It is the first time the disease is being reported in the West African country   -  


Two cases of the Marburg virus disease, a hemorrhagic fever almost as deadly as Ebola, have been recorded in Ghana, the first ever in the country, health authorities announced Sunday.

On July 8, blood samples from two people in the southern Ashanti region suggested the Marburg virus and the samples had been sent to the Pasteur Institute in Dakar (IDP) for confirmation, the Ghana Health Service (GHS) had said.

"Additional testing at the IDP in Senegal has confirmed the results," Dr. Patrick Kuma-Aboagye, director-general of the GHS, said in a statement Sunday.

"This is the first time that Ghana has confirmed (the presence of) the Marburg virus," he said.

The 98 people identified as contact cases are currently under quarantine, the statement added, noting that no other Marburg cases have been detected among them so far.

Health authorities say they are doing everything possible to "protect the health of the population", calling for the cooperation of "all" to ensure that the virus is "effectively contained".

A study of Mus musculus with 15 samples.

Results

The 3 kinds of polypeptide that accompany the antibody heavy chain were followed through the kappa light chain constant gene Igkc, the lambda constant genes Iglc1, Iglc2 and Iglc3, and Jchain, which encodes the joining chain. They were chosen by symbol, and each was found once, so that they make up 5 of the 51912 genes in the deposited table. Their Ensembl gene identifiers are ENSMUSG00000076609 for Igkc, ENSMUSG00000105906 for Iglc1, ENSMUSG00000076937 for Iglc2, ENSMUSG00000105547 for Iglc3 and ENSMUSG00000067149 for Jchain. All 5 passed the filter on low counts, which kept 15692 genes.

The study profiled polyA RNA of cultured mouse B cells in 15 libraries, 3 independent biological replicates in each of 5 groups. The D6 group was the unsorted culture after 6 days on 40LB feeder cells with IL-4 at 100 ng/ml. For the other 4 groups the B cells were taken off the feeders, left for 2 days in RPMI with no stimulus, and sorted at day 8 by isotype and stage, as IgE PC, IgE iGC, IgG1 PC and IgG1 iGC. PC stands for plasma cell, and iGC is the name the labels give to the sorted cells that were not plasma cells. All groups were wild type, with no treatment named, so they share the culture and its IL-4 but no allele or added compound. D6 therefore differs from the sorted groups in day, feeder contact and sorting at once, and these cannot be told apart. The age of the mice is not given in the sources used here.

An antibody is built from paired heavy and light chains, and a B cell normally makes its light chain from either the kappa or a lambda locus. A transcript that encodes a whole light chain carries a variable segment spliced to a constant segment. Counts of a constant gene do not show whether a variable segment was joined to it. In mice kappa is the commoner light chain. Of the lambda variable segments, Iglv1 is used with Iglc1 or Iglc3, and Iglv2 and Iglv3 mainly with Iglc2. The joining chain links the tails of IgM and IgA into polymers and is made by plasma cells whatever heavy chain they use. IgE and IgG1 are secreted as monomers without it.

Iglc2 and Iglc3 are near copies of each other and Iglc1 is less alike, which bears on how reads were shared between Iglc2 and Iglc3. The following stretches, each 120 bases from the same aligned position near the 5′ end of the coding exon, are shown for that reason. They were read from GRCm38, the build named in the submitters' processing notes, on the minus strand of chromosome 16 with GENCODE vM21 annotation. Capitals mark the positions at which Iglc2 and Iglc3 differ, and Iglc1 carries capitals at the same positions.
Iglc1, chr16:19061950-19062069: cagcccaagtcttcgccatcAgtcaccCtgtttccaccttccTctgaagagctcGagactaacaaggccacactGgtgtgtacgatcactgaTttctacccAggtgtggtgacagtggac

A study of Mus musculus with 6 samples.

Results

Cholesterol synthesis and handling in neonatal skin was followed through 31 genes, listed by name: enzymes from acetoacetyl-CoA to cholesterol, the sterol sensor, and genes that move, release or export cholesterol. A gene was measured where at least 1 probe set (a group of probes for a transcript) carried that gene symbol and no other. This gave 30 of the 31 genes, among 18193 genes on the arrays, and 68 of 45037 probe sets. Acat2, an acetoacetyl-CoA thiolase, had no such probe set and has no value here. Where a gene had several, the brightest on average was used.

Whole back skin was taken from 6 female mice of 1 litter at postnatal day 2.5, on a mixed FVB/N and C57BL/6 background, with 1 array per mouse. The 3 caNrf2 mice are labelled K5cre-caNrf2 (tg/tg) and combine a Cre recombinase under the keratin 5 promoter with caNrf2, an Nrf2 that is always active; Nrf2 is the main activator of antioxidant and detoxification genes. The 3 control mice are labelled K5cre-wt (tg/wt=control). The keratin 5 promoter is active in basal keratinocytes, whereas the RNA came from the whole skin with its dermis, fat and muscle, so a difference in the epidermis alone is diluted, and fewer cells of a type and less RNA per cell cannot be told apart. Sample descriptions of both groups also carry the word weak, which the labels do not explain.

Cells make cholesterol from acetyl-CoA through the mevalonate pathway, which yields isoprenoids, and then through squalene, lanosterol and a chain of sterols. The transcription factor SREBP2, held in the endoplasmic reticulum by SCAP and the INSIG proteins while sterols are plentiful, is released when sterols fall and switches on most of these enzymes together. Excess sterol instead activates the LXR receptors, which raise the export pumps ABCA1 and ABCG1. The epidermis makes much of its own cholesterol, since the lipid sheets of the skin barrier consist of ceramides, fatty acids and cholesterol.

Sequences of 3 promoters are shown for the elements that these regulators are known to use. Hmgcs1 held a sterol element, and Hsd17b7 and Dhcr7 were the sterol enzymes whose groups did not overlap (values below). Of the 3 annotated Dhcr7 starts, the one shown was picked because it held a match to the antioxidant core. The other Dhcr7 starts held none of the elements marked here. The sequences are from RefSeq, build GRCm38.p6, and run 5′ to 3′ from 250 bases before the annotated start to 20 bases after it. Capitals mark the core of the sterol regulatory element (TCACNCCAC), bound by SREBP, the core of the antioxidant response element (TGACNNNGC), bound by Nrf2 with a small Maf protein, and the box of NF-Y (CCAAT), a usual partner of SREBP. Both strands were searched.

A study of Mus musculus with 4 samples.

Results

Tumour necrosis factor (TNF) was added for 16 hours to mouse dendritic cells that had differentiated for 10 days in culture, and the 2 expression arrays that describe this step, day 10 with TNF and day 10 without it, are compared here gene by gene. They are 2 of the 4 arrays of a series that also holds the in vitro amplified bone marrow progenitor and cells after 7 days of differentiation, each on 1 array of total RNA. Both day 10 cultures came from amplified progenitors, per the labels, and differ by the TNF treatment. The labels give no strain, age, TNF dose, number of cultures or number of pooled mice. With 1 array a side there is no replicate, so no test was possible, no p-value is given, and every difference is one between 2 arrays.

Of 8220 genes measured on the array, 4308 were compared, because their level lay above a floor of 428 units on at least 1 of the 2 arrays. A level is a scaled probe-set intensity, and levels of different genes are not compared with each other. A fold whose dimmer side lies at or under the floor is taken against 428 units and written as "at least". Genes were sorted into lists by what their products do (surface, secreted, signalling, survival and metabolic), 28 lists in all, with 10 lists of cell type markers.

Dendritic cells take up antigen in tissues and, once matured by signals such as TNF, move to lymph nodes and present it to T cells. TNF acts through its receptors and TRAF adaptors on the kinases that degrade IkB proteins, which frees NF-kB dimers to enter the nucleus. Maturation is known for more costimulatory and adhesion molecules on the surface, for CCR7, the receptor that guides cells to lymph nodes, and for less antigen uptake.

The Marburg virus disease is transmitted to humans by fruit bats and is spread in humans through direct contact with the body fluids of infected people, or with surfaces and materials, according to the World Health Organization (WHO).

WHO announced in September 2021 the end of the first episode of Marburg virus in West Africa, 42 days after the identification of a single case in Guinea.

Sporadic outbreaks and cases had previously been reported elsewhere in Africa, including Angola, Kenya, Uganda, South Africa, and the Democratic Republic of Congo.

The onset of the disease is sudden, with high fever, severe headache, and eventual malaise. Case fatality rates have ranged from 24% to 88% in previous outbreaks, depending on the virus strain and case management, according to WHO.

Although there are no approved vaccines or antiviral treatments for the virus, oral or intravenous rehydration and treatment of specific symptoms improve survival rates.